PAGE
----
Really disappointing. Great writing style, but I hate every single character. An incredible feat, but probably not the one the author was hoping for.
The main character is irritating, and she lives with an abusive “father” monster and a monster family who “tries really hard.” The heroine’s got blue hair (cause she wished for it) and she’s an artist who lives wherever she feels like. At the start she’s in Prague, and she made he ex-boyfriend’s asshole itch with petty wishes because he “stole her virginity” and she doesn’t like him anymore. She has spare petty wishes because her adopted “dad” is a monster, the ONLY monster in existence who makes wishes come true. Demon dad sends the heroine all over the world like a lapdog hunting squirrels, except her task is collecting teeth. This is not good work, and the story tells me that the heroine was once shot. I’m told Demon-dad really cares, even though he treats the heroine like shit. That’s nice. I sure don’t care about either character. Or any of the bit characters either.
Once I got to the point of establishing why there was going to be a huge conflict, I decided to skip to read the last few chapters, and I still hated everyone. I’m sure this kind of story will appeal to many fantasy fans, because it explores the same tired tropes that fantasy’s been wallowing in for the last few decades. But from the start, this story’s characters rubbed me the wrong way.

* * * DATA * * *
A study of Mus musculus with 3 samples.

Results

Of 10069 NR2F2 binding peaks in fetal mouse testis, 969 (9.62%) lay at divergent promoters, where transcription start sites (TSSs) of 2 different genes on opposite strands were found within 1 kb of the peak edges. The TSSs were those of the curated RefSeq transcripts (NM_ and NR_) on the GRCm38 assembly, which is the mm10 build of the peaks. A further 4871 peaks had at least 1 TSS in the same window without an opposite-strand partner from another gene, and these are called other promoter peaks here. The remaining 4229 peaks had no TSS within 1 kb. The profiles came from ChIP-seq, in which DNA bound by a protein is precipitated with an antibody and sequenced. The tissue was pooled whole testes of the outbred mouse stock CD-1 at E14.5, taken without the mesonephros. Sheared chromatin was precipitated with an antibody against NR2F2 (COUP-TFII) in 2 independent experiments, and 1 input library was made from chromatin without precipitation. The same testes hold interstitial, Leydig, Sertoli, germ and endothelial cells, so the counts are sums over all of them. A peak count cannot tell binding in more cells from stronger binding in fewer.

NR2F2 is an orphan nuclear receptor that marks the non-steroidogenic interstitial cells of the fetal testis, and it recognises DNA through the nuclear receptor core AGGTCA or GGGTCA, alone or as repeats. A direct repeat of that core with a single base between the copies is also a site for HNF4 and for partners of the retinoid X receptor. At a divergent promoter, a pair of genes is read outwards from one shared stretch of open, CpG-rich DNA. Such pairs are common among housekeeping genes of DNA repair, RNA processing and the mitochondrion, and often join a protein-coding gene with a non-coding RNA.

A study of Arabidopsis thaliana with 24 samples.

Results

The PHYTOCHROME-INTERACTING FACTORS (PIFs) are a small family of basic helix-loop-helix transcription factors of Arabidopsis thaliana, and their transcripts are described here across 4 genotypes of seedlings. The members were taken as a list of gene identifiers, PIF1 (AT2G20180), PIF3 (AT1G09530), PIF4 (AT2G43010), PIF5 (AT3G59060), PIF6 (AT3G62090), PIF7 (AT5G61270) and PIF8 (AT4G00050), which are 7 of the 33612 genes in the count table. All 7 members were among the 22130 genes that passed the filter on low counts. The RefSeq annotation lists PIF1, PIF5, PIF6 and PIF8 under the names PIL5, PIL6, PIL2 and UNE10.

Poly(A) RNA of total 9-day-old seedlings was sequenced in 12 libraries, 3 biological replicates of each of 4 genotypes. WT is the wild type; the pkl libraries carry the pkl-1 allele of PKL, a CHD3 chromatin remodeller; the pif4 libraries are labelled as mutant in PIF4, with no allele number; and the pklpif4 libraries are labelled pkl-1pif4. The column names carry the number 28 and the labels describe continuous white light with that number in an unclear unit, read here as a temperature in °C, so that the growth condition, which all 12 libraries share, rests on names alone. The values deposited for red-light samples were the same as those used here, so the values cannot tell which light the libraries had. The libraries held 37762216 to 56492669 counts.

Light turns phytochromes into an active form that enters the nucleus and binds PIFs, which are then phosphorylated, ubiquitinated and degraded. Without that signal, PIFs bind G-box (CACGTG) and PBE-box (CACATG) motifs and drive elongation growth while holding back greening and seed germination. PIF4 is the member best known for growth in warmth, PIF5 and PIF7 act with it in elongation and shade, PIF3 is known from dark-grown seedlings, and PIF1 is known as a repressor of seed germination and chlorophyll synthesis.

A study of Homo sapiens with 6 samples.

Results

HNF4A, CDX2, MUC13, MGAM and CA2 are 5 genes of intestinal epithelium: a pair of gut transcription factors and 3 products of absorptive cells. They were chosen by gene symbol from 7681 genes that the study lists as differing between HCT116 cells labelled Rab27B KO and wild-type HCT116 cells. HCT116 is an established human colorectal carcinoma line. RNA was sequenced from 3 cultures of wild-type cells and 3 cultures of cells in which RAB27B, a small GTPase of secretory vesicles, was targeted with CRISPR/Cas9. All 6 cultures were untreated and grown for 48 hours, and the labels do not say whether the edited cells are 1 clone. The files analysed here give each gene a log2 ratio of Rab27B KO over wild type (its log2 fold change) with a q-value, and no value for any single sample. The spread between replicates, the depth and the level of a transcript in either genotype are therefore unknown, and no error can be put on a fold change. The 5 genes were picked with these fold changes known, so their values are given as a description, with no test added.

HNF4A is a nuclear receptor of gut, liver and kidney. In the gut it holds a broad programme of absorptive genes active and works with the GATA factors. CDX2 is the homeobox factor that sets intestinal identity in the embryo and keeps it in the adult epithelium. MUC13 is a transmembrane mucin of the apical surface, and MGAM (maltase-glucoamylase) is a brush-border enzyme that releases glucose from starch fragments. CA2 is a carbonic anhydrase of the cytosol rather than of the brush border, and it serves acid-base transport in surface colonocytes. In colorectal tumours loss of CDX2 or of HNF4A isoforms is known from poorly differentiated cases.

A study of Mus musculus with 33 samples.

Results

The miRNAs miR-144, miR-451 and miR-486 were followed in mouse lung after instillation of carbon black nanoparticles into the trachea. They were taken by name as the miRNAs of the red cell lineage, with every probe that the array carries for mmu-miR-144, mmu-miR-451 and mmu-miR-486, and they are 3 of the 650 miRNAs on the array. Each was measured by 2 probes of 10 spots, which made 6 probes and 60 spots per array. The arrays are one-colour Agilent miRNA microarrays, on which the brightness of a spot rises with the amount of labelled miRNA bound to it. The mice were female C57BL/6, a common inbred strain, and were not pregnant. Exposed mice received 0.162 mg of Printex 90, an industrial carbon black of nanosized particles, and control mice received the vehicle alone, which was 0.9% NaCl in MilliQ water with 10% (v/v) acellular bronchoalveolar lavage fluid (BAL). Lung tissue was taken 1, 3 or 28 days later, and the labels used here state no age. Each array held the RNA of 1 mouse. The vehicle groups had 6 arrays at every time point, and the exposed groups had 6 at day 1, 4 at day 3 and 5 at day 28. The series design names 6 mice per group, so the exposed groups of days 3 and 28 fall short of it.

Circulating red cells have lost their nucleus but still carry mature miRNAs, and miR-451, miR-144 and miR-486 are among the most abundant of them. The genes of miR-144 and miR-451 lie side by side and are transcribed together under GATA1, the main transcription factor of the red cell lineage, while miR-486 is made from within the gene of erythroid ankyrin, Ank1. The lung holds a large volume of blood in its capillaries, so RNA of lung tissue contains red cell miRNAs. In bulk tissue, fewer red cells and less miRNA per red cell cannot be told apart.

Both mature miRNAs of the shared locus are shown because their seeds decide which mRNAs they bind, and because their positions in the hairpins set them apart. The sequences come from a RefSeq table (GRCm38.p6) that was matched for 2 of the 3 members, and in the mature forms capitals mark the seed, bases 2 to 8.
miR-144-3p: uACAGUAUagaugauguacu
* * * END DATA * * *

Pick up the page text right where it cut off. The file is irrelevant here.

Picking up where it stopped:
More than the characters, I hate the scale. Couldn’t just tell a story about a few magical people who work in a larger wish industry. No, this is a story about the ONLY place to get wishes anywhere. With the wishmaster’s portals being invaded and closed, the fate of the whole world is threatened in this conflict. I don’t care that the story here is following “the bad guys,” because I’ve got no desire to read yet another story where the fate of the whole world rests on the actions of just a few bratty people. Why do we continually worship this idea in our fantasy, that “the chosen one” will come along and trigger some fate of the world plot? Would it kill fantasy authors to try exploring the idea that even with powers, sometimes characters can have smaller scale conflicts and crises? And why do we always have to have romantic subplots that suck added to these fate of the world conflicts? I don’t care if any of these people find true love. Maybe I might, if they weren’t also fighting to change the fate of the whole world.
The final product is kind of pathetic. Giving Giving Daughter of Sulk and Bore…Daughter of Smoke and Bone, one star. Wouldn’t recommend it to anyone, and I wish the upcoming sequel would die a quiet remaindered death.